President of the Senate, Ahmad Lawan, has charged the Economic Community of West African States (ECOWAS) Parliament to seek ways of addressing the prevalence of terrorism and irregular migration affecting member states.
This was just as he bemoaned the spate of insecurity and cross-border crimes such as banditry and kidnapping, which, according to him, are severe threats to the stability and economic progress of most countries within the West African sub-region.
Lawan gave the charge on Thursday in a speech delivered during the 2021 First Ordinary Session of the Economic Community of West African States (ECOWAS) Parliament.
The Senate President identified insurgency, drug trafficking, and ceaseless ethno-religious struggles as problems that continue to interfere with the freedom of citizens to move between member nations as guaranteed under the ECOWAS protocol on Free Movement of Persons and Goods.
He, therefore, called on ECOWAS Parliamentarians to seek out interventions aimed at tackling the lingering problems which are predominant features among member states.
Lawan added that doing so would ensure regional economic growth, besides tackling unemployment and stimulating economic multipliers within the sub-region.
He said: “While the ECOWAS protocol on Free Movement of Persons and Goods remains a prized policy, for instance; insecurity, instability, and conflicts are matters requiring continuous attention.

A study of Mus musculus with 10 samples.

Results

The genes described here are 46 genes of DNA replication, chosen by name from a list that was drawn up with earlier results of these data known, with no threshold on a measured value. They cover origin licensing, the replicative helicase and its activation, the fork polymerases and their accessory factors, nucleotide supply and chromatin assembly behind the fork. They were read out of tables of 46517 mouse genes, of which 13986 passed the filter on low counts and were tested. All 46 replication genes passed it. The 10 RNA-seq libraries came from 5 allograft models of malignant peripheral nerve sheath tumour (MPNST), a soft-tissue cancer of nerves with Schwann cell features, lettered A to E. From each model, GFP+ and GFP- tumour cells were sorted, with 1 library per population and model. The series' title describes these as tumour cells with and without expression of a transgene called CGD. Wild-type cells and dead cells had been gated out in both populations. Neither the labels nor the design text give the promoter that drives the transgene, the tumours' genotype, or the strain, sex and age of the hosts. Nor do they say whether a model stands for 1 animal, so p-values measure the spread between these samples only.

“The freedom to move between member nations is helpful to sub-regional economic growth, besides increasing the attendant benefits like job creation, reduction in underemployment, stimulation of economic multipliers, and better wellbeing.
“This can hardly happen in an atmosphere of strife, cross-border crimes like banditry, insurgency, drug trafficking, and ceaseless ethno-religious struggles, amidst others.
“As parliamentarians, we must examine the dimensions associated with these occurrences towards appropriate interventions.
“An accord of purpose between member nations creates the needed synergy for the actualization of uniform visions.
“The fostering of this uniformity partly rests with us and I am confident we can accomplish this, despite the limitations of institutional empowerment.
“It is possible through consistent advocacy, and the broadening of understanding on our objectives.”
Lawan added: “For emphasis, this First Ordinary Session for the year 2021 is also projected to help us chart ways forward in the months ahead, particularly in engendering cohesion in eliminating terrorism, all forms of extremism, and the better implementation of trade agreements and protocols.
“Added to these are the need to focus on irregular migration, often leading to needless sorrows, pains, and deaths; the fight against diseases, drought, and the requirement to entrench transparency and accountability in our governance systems.
“I am additionally assured that we are well prepared to make our inputs from our individual appreciation of the issues, towards finding lasting solutions to the challenges.”
Among those present at the 2021 First Ordinary Session of the ECOWAS Parliament are the Speaker of the ECOWAS Parliament, Rt. Hon. Sidie Mohamed Tunis; President of the Republic of Ghana, Nana Addo Dankwa Akufo-Addo; Vice President of the Republic of Liberia, Dr. Jewel Cianeh Taylor; and President of the ECOWAS Community Court of Justice, Honourable Justice Edward Amoako Asante.